Les Misérables, or as it is otherwise known An Australian Wolverine in Paris, is the 2012 adaptation of the musical of the same name. It stars Hugh Jackman, Russell Crowe, Anne Hathaway, Amanda Seyfried and Eddie Redmayne, and was directed by Tom Hooper.
The story’s either blindingly obvious or completely unknown depending on what your opinion of musicals is. If, like me, you believe them to be the bastard child of live gigs and stage plays that should have been aborted long before the turn of the millennium, then you won’t have a clue. Les Misérables is the story of Jean Valjean, played by Wolverine, who is a convict that goes on the run from Inspector Javert, played by Maximus Decimus Meridius. On the way he runs into Fantine, played by Catwoman, who has worked herself into an early grave trying to provide for her child. Valjean takes it on himself to raise the child, and with the background of one of the many revolutions they had in France (why they couldn’t just have sporting events to pass the time like the rest of us, I don’t know) Valjean and Javert are forced into their final confrontation.
Shall we start with the obvious? You see this sentence? It holds more a tune being completely mute than Russell Crowe ever can. Frankly if you forget about the plot and just view it as the audition stages of those pop reality shows, just with Hollywood A listers, you’ll have such a great time laughing at Crowe. I don’t mind saying that as he doesn’t know where I live so he can’t throw a phone at me.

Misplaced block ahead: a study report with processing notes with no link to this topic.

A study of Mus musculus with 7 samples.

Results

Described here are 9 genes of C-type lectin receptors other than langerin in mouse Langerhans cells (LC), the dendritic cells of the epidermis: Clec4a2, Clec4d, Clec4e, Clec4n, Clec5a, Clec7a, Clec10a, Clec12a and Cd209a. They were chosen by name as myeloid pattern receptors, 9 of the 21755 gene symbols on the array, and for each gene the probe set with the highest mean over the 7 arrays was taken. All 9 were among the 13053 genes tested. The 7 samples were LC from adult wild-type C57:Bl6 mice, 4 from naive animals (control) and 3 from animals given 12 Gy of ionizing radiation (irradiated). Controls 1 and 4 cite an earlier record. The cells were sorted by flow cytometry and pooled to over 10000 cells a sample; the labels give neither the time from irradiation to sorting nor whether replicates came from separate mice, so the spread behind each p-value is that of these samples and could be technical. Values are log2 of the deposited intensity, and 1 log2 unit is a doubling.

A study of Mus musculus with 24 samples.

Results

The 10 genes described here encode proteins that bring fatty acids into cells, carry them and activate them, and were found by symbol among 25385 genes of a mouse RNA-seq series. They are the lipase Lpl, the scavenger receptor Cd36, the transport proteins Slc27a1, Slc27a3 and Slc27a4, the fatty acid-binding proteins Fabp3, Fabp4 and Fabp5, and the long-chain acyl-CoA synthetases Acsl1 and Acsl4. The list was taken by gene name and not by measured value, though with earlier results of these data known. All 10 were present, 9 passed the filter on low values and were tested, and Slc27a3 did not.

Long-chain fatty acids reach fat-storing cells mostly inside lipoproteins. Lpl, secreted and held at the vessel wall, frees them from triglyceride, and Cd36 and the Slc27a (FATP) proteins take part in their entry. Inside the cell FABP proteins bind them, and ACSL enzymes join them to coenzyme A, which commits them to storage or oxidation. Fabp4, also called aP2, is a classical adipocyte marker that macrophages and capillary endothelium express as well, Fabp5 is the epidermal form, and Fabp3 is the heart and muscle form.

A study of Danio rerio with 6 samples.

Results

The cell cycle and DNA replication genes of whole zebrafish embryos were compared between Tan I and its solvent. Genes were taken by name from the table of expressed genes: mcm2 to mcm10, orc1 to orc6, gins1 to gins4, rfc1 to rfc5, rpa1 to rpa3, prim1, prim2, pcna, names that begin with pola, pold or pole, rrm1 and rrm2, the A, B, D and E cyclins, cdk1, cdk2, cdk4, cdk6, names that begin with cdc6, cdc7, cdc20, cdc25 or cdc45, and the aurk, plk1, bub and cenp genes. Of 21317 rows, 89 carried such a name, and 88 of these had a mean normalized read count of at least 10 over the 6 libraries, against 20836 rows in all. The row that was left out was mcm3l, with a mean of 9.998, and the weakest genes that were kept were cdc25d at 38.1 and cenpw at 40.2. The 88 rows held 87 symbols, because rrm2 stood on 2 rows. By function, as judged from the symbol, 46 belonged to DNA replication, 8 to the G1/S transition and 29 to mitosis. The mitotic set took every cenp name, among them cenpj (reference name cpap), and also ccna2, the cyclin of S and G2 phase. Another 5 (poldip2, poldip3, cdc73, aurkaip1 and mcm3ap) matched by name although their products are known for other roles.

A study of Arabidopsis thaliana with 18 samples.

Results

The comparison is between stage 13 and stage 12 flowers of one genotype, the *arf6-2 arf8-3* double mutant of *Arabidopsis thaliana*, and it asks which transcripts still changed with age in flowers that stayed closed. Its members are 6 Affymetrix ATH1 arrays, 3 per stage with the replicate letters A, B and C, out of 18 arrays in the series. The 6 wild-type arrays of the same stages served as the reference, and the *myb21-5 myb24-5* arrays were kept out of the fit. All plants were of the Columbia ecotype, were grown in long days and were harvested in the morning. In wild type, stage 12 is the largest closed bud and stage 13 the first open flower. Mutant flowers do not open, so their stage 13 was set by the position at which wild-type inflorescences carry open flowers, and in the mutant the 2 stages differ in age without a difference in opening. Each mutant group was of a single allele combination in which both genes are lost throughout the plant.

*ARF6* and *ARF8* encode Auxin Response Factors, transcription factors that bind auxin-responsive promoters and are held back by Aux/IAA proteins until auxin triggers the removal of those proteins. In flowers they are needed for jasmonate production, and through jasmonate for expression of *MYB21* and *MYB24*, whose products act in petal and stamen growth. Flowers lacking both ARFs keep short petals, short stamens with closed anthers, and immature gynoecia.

Crowe seems to be the exception however, the rest of the cast do well enough with the singing, even if it is singing in that over enunciated, hammed up style that we all expect from musicals. The absolute stand-out of the film isn’t (as you might expect given his background) Hugh Jackman, it’s Sacha Baron Cohen. Playing this malignant musical version of Captain Jack Sparrow, he really brought me some absolute joy in what was otherwise a relentless ordeal. The production values are good overall, the CGI assisted land and cityscapes are excellent though the sets themselves seem simply average by today’s standards.
If we forget the fact it’s a musical, and that Crowe can’t hold a tune if you stuck an iPod in his hand, the real failing of the film is the way it’s presented. We invented steadicams so that the shaking of the cameraman’s hand while he holds the camera and moves about isn’t obvious on film and isn’t distracting. Despite the fact that we have this wonderful technology it seems that they handed the camera for this film to an epileptic having a fit and made him shoot from a small boat in raging seas. Life of Pi was set in raging seas and had less shaky camera work than this film. Then we have the number of ‘artsy’ shots for no apparent reason. There’s one establishing shot of a room that’s at a 45 degree angle for no reason I can fathom. It comes across as Hooper’s been handed a book of camera theory and thrown everything in at some point just to make it look like some thought’s been put in.
So should you see it? Well if you’re already amongst the enlightened that know that the only good musical is The Nightmare Before Christmas, you don’t have to waste your beer money. If you like, or are at least apathetic towards, musicals then you should see it. If only because it’s cheaper than seeing the stage version, and you’ll be able to see all the action regardless of where you’re sat in the auditorium.
I still don’t think Jean Valjean is a name for a character; it’s the sound everyone makes when someone wakes them up with a question.